What You Should Know About Breast Cancer

October is Breast Cancer Awareness Month!

One in eight women will be diagnosed with breast cancer in their lifetime, so chances are, this cancer has unfortunately affected each of us in some way. BCAM is a time for women to gather information, share their stories, and literally take health into their own hands with self-examination.

In honor of the 1.38 million new cases annually and in memory of the 458,000 deaths each year, we’re encouraging women everywhere to monitor their bodies closely for signs and symptoms of breast cancer. And to all of the breast cancer survivors in our community, we wear pink this October for you!

Risk Factors

There are many different types of breast cancer, depending on which cells are affected, and the risk factors can vary. Unchangeable factors like your sex, ethnicity, age, genetics, or family history can all play a part, but it’s better to focus on the things we can control, like our lifestyle choices. 

Three common lifestyle-related breast cancer risk factors include:

  1. Alcohol is linked to an increased risk of breast cancer. Women who drink one alcoholic beverage on average daily have a small increased risk (7-10%) compared to people who have zero, and women who have two to three drinks a day have about a 20% higher risk than others.
  2. Being overweight or obese can also increase your risk of many cancers, including breast cancer. When the ovaries stop producing estrogen after menopause, most women’s estrogen is derived from fat tissue. Therefore, having more fat tissue post-menopause can raise estrogen levels and increase your chance of developing breast cancer.
  3. Studies have found that women who have used birth control have a slightly higher risk of breast cancer than those who have never used it. This is likely due to the hormones most forms of birth control release, which in theory, fuels breast cancer growth over time.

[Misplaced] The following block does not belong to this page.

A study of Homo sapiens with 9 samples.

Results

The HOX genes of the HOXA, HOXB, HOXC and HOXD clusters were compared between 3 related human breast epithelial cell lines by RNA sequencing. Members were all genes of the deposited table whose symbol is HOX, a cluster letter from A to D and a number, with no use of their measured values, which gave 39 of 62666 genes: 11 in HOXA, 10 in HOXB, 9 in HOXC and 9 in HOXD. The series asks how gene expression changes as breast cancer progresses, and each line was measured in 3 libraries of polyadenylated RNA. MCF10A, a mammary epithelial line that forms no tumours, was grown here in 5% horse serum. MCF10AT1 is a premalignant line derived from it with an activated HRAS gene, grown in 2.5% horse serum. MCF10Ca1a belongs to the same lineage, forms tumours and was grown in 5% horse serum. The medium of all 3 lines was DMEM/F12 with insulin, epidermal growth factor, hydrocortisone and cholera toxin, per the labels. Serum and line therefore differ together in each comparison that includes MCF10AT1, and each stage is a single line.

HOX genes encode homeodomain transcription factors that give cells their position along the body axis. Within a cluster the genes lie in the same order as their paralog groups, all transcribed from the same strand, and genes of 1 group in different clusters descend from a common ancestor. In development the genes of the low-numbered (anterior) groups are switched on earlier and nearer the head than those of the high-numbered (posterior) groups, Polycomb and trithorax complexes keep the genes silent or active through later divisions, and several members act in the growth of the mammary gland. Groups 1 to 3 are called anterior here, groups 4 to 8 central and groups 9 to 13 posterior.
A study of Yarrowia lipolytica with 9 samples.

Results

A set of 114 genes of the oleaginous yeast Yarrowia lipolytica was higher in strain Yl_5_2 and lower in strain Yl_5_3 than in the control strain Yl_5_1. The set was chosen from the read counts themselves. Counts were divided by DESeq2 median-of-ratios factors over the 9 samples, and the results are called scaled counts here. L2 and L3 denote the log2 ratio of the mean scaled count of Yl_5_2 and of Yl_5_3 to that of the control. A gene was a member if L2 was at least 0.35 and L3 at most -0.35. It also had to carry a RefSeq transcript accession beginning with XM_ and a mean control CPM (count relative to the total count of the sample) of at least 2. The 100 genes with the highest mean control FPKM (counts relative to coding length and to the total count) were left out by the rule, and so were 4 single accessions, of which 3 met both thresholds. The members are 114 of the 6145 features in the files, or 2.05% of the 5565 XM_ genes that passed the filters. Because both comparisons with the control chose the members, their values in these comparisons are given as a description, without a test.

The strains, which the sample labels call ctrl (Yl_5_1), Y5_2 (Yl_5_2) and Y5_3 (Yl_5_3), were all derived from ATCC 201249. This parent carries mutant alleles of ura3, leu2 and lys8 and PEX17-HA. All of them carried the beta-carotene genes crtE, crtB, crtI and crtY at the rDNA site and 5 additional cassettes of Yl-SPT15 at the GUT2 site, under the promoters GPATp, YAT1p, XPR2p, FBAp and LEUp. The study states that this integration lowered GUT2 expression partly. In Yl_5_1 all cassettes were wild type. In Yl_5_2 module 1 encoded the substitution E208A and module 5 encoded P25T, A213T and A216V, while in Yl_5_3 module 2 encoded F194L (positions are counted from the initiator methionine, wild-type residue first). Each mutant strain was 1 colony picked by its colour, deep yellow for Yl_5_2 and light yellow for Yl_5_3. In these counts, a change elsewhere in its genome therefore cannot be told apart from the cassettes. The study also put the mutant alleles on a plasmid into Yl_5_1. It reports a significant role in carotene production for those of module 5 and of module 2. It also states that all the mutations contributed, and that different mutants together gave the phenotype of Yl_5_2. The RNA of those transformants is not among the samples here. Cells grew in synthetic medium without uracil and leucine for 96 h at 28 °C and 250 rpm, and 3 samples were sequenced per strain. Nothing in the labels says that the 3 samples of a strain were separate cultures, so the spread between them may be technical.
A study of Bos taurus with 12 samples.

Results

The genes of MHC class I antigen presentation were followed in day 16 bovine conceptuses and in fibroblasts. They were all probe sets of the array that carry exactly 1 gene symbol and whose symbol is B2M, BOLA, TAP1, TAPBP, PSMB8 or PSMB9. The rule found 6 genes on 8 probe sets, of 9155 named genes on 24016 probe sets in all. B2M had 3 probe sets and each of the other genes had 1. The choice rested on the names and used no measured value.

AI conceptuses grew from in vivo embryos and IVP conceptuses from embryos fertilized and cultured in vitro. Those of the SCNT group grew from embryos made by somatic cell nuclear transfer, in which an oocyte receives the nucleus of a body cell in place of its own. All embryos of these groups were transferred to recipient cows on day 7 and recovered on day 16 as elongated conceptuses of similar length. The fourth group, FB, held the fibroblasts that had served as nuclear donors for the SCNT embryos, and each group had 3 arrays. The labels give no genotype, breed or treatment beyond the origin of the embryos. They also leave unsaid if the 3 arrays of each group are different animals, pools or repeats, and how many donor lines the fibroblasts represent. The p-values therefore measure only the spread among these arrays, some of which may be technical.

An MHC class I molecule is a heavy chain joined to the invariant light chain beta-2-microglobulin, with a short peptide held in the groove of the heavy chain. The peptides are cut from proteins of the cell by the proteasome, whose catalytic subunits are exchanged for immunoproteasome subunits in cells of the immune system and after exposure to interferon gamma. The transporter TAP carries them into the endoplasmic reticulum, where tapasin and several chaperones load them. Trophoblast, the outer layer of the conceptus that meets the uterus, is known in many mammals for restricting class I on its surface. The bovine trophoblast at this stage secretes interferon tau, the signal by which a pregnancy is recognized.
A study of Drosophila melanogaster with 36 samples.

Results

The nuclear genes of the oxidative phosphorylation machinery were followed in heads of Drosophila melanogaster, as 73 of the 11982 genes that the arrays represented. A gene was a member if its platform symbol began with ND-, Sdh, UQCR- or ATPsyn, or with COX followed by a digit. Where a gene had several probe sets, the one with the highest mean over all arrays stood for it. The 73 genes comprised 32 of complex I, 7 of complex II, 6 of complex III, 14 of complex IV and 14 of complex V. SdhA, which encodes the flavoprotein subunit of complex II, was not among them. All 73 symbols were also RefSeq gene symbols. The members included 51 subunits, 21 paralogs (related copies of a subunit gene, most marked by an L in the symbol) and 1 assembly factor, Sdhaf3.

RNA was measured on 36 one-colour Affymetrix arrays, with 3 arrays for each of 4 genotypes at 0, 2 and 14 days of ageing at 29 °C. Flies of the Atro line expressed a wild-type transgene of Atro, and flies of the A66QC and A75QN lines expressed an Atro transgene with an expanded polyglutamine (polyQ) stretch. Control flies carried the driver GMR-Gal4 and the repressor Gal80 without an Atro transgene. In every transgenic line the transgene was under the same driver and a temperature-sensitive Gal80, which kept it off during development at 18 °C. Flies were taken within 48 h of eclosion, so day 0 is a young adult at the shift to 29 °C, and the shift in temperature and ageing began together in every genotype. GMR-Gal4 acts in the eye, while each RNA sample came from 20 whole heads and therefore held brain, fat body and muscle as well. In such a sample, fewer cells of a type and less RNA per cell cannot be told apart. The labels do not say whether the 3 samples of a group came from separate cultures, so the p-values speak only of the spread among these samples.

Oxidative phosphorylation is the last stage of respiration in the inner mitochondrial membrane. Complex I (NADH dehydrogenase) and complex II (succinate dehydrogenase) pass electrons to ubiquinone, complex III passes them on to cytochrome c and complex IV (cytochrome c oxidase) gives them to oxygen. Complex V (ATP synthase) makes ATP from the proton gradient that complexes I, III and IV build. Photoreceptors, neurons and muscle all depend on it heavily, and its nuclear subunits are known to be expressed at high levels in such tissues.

Other possible lifestyle risk factors include hormone therapy, not getting enough physical activity, or not having children. For more information on the risk factors of breast cancer, visit the American Cancer Society website.

Signs and Symptoms

If you notice any of the following signs, make an appointment with your doctor as soon as possible.

Symptom may include:

  • General pain
  • Skin changes, such as swelling, redness, or other visible differences in one or both breasts
  • Increase in size or shape of breasts
  • Changes in the appearance of nipples
  • Lumps or nodes felt on or inside the breast

Although some women experience symptoms, the best course of action for catching breast cancer in its beginning, most treatable stages, is through early detection.

Famous news anchor, Giuliana Rancic, is one of the many breast cancer survivors who are vocal about her journey and the importance of staying diligent with your health.

“I thought, if this can happen to me, this can happen to anyone. I thought how all these women my age, younger, older, watch me on TV every night and if just one woman goes and does a self-check, or gets a mammogram and finds her breast cancer early, wouldn’t that be incredible?” Said Rancic.

Self-exams and Screening

Fortunately, mortality rates due to breast cancer are decreasing, and self-exams are partially to thank. Doctors recommend examining your breasts at least once a month, but the more frequent, the better. As a woman, it’s essential to be accustomed to how your breasts look and feel, so you can recognize any changes. For a detailed guide on how to self-examine your breasts, click here.

Along with self-exams, the most important thing you can do to detect breast cancer early is to get a mammogram. A mammogram is a low-energy X-ray that screens the breast for abnormalities and signs of cancer and can detect tumors before they can be felt.

There are two types of mammograms:

  1. Screening mammogram: This kind looks for signs of breast cancer in women who don’t have any symptoms or breast-related issues. Multiple X-rays are taken from different angles on each breast.
  2. Diagnostic mammogram: This type is used to look at a woman’s breast if she has been experiencing symptoms or if changes are seen on the screening mammogram. These X-rays show additional views that aren’t included in a standard screening mammogram.

The ACA recommends the following guidelines for receiving mammograms:

  • Women ages 30-40 with a family history: consult your healthcare provider about the advisable age to start getting them
  • Women ages 44-55: every year
  • Women ages 55+: every other year

Is it time for you to get a mammogram? BCAM is the perfect opportunity to schedule an appointment!


If you or a loved one have been diagnosed with breast cancer, support is available.  The American Cancer Society offers online resources for finding local support groups in your area. You are not alone, and Tulsa ER & Hospital supports the fighters and admires the survivors in the Tulsa community.

Keep the conversation going this October! Share this article with the women in your life to raise awareness of the proactive measures they can take against breast cancer!